We could see price appreciation at the 20 cents dividend level without any dividend increase. What is still needed here is for RSO to convince the "market" that it can cover the dividend from AFFO. Frankly, I was a little surprised about the 80 cent dividend guidance for 2014. I already lightened up my position from 10,000 to 3,000 shares several months ago. I wanted to hold some because somehow RSO has managed to maintain a good dividend. (Another way to look at it is that I already made a large profit and the 3000 shares are free.)
Remember, at the end of 2010 they did say that their $1.00 dividend looked solid for 2011. That was true, but then we saw a cut in early 2012. We'll see what happens in the next quarter or two...
How much you or I make per month is relative and has nothing to do with how good/bad our investments are. I won't say what my income is -- it could be $1000 per month or $1 million per month; that's not relevant. It's about "today's money" and what you need to sustain your life style. History says don't try to time anything, and history says keep your money invested and continue to reinvest your dividends.
IMO: if something thinks they can "time" the market, he/she is a fool. The saying goes: A fool and his money are easily parted comes to mind... That saying has proven to be true for hundreds of years. Is there really something special about today? I don't thing so....
The 3x short ETFs is strictly a gambling position. Why?
You are about seven years older than I, so I don't know if you are still working. I'm thinking about long-term dividend stocks that will allow me to live comfortably without burning up any principal. My IRA holds taxable dividend-paying stocks, my 401K holds taxable bonds and slowly my regular account is shifting to tax deferred MLPs or real estate stocks that pay mostly ROC. (Recently picked up ARCP and I'm strongly thinking about O at its current price.) I still work and probably will for many years, so any dividends get re-invested (not necessarily in the same stock). Long term this seems to be the way to go.
This "good is bad and bad is good" is headline BS, as is talk about how Obama-Care will kill our economy. Maybe stocks are getting expensive, maybe not. My time frame is 10+ years, not what may or may not happen on Monday.
Management fee is a flat 2% (per year) of our gross assets, including any investments made with borrowings, but excluding any cash and cash equivalents. This is the part that creates a potential conflict of interest between management and shareholders. (Analysts were right for being very critical of FSC for its recent SPO.)
The incentive fee has two parts:
1) The "2" is the first part: If they don't earn 2% NII in any given quarter (8% on annual basis), they get nothing. If NII falls between 2% but less than 2.5%, then mgmt gets some incentive fee, and of course they get more yet if they exceed 2.5% in any quarter. Obviously they want to target more then 8% per year.
2) The "20" is the second part and is related to capital gains -- they get 20% of realized capital gains.
True, yields are compressing -- especially for secured debt, and more so for quality companies. FSC is focused on making loans in that area and the competition for those loans is also causing early repayments on many of FSC's existing loans. The natural thing for FSC is to cut its dividend to be inline with their NII. If they did not do that, they could lose their credit rating. FSC is a good long-term investment, especially if you can get it at a low price. The early repayments will subside soon enough as there is a limit to how low its competitors rates will go. And FSC is well positioned for rate increases. That will happen; that may be next year or may not happen for ten years -- no body knows, but most people are betting it won't happen for at least a few years. (Three years ago analysts' were blessing FSC because of its fixed rate borrowing and senior-secured, floating-rate loans. Now loans are being refinanced at lower rates and people are calling FSC a dog. That could change very rapidly. Look at how quickly PSEC went from "dog" three years ago to becoming everyone's darling BDC.)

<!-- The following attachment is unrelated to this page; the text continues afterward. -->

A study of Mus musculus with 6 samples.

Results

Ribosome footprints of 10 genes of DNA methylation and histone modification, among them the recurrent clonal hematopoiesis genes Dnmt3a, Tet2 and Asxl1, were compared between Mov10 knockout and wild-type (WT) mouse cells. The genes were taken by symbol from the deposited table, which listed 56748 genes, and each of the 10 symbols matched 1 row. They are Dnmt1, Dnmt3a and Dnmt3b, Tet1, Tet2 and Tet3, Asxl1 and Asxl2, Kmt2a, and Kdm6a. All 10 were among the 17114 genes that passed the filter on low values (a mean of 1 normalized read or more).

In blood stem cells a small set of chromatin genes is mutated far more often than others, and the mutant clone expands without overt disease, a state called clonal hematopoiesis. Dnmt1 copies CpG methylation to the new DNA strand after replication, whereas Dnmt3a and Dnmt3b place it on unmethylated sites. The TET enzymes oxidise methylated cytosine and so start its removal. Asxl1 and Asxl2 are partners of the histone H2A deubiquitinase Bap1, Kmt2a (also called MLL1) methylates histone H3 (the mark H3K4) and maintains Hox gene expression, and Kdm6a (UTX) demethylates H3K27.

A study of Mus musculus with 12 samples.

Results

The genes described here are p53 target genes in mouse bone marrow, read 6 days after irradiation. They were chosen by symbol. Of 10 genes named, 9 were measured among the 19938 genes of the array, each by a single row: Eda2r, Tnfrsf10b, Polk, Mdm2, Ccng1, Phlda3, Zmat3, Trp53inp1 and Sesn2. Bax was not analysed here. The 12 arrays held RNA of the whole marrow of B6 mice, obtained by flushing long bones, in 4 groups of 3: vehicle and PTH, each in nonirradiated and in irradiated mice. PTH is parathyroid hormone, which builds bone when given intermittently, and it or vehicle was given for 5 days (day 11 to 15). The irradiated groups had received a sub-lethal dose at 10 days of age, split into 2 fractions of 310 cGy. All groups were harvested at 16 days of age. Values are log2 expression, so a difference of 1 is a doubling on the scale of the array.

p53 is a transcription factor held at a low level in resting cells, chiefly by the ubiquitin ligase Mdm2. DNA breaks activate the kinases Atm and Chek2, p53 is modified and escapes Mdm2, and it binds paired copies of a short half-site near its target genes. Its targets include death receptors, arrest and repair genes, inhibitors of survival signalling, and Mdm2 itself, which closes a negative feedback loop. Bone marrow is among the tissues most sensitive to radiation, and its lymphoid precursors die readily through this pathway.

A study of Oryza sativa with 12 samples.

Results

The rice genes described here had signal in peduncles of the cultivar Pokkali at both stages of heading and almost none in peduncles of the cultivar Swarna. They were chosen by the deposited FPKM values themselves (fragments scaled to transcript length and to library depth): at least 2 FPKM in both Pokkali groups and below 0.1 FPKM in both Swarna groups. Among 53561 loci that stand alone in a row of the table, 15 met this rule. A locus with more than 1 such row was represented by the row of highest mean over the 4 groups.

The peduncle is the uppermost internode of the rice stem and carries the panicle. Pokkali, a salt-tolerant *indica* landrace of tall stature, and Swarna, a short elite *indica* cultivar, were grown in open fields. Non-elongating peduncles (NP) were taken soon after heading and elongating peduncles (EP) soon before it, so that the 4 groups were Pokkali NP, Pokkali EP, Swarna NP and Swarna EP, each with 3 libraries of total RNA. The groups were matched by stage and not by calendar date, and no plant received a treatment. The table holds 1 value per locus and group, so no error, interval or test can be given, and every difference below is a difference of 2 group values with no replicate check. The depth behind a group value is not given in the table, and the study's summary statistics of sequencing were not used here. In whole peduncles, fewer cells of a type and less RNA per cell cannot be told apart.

PSEC is taking on some additional risks and is looking at subordinate within CLOs. These are great investments when the economy is improving, even if it improves only slowly. PSEC's CFO referred to its investments in CLOs as clydesdales pulling PSEC's NII forward. PSEC says it's well positioned for rate increases, but it's very hard to say that all the loans in those CLOs will be able to pay if rates begin to rise either too quickly or too high. Right now that is not a red flag, but it is something to keep an eye on.
Bottom line: FSC vs. PSEC -- not "apples to applies." In fact, of all the BDCs I follow, each has its own niche that makes it different enough such that one could do very well, while the other does only okay in the same economic environment.
Give it a few years, but the idea of completely cutting off SS benefits to the wealthy will probably happen, likewise for Medicaid. That savings, however, won't save SS -- or any of these entitlement programs.
When SS was created, it's intention was to help those that actually needed it. Today, it's just "fun money" for most people. Frankly, SS and other entitlements should have been killed long ago. But hey, promising this kind of stuff is how many politician are able to buy votes.
I don't know about buying more here, but I do think it's oversold because of AGNC's report. (In AGNC, I hold only the preferred in an IRA -- and that has not budged. Frankly, their report of protecting BV at all costs is a big positive for the preferred.)
My position is small and I'm good with holding. (Easy for me to say with cost basis under $15 and having collected dividends for three years. My effective cost is closer to $5.)